The state chapter of the American Planning Association plans to present Raleigh with two awards on Oct. 22, and the Wake County Republican Party says it is baffled as to why.
Raleigh announced this week that it will receive one award for outstanding planning implementation for its Unified Development Ordinance, a legal document that lays out all the laws about land use and development in Raleigh that the city updated in 2013.
The city will receive another award for an online tool it developed to help the public identify how individual properties would be affected by Raleigh’s remapping effort, which aims to apply new development zones to about a third of the city so they better compliment the new UDO.
The awards come as Raleigh continues to address pushback from some residents over the remapping effort. The city council will eventually vote on a new map for the affected areas after it addresses residents’ concerns.
Some affected residents said they didn’t receive notices, and some couldn’t gain entry to the council chambers during the first public hearing because City Hall was so crowded.
Party spokesman Charles Hellwig called the announcement “an unrivaled dose of delusional nonsense and Orwellian brainwashing.”
“Even if you like the remapping and rezoning currently under way by the City as part of the UDO, no one can seriously argue the implementation to date has been anything but a disaster,” Hellwig said in a statement.
The city wasn’t as prepared as it should have been for the first public hearing, conceded Ken Bowers, Raleigh’s planning director. The award is for the text of the UDO, he pointed out.
“That one meeting doesn’t invalidate what has been done to modernize our development framework,” Bowers said. “We sent 50,000 letters, and the vast majority of property owners didn’t feel the need to come out.”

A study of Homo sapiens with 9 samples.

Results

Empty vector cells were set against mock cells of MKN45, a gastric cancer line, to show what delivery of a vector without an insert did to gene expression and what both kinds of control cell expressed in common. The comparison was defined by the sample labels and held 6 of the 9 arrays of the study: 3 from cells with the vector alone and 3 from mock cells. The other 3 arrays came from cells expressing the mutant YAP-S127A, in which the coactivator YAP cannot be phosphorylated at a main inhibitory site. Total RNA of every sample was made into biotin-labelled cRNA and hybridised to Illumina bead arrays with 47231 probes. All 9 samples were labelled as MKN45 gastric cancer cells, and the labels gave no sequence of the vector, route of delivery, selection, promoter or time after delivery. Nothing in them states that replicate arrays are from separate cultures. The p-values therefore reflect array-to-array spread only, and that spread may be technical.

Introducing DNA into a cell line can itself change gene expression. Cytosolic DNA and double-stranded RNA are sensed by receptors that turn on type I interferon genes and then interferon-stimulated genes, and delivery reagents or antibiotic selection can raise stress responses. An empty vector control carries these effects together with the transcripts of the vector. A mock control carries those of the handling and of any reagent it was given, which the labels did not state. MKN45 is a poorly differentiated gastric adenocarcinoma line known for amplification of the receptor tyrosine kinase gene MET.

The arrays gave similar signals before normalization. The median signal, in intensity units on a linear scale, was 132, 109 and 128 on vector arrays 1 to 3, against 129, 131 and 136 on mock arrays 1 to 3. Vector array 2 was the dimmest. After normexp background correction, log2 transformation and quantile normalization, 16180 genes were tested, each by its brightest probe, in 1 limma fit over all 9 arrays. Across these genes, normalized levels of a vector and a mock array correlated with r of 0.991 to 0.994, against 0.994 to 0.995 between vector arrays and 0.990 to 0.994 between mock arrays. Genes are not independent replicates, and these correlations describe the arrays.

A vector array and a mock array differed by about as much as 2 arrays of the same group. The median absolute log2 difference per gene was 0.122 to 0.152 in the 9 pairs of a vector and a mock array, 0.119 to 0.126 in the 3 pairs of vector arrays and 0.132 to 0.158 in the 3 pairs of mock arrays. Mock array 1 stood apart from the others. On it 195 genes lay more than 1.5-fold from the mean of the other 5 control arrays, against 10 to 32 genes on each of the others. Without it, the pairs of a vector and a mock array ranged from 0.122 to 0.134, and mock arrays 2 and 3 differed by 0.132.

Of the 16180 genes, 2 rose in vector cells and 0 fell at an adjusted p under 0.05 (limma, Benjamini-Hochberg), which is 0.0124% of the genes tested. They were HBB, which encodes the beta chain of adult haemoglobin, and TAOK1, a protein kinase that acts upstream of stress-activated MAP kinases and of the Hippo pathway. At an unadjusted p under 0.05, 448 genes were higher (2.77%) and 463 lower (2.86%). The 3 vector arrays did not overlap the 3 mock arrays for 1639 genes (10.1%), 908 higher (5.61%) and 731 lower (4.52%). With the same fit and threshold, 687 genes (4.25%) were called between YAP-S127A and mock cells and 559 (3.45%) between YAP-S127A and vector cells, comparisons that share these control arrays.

The planning staff has diligently followed up with everyone who signed up to speak about their concerns, he added.
F.V. goes to D.C.
Fuquay-Varina leaders spent two days in Washington this week lobbying federal transportation officials, including Transportation Secretary Anthony Foxx, senators and representatives for more money for the town’s road projects.
Mayor John Byrne, mayor pro tem Charlie Adcock, commissioner Blake Massengill and Town Manager Adam Mitchell went on the trip. In addition to meeting Foxx, they also met with Sens. Richard Burr and Thom Tillis and Federal Highway Administration Administrator Greg Nadeau.
“Our town is approaching 25,000 or 30,000 people,” Byrne said. “And we have to approach things much differently than we did five or 10 years ago. We have to be looking at big-picture items that aren’t going to just help us next week, but 10 years from now.”
The focus of the lobbying was a federal TIGER grant, which the town is pursuing to cover 50 to 60 percent of the costs of completing the Judd Parkway loop around the heart of town.
Fuquay-Varina officials brought with them letters of support from state officials, the Wake County Commissioners, the Wake County Public School System and nearby towns such as Holly Springs and Angier.
Residents will vote on a $26 million bond this November that, if passed, will give the town authority to pursue various transportation and infrastructure projects, including Judd Parkway. If the federal grant is approved, a subsequent property tax increase for residents would be lower.
▪ The Western Wake Republican Club will hold a watch party for the second Republican presidential debate on Wednesday, Sept. 16. The party begins at 8 p.m. at the Rally Point Sport Grill, 1837 N. Harrison Ave. in Cary.
▪ The Cary Chamber of Commerce will host a forum Thursday, Sept. 17, at Prestonwood Country Club, 300 Prestonwood Parkway with Cary Town Council candidates for mayor, at-large and Districts B and D. Breakfast begins at 7:30 a.m. with the program starting at 8 a.m. Cost is $10 for members, $15 for non-members. Reserve tickets at carychamber.com.
▪ Chapel Hill Mayor Mark Kleinschmidt will speak to the LGBT Democrats of Wake County on Tuesday, Sept. 22, at 6:30 p.m. at the N.C. Democratic Party headquarters, 220 Hillsborough St. in Raleigh. Candidates for Raleigh mayor and city council and Wake County municipal candidates have been invited for a meet and greet.
Compiled by Paul A. Specht and Will Doran.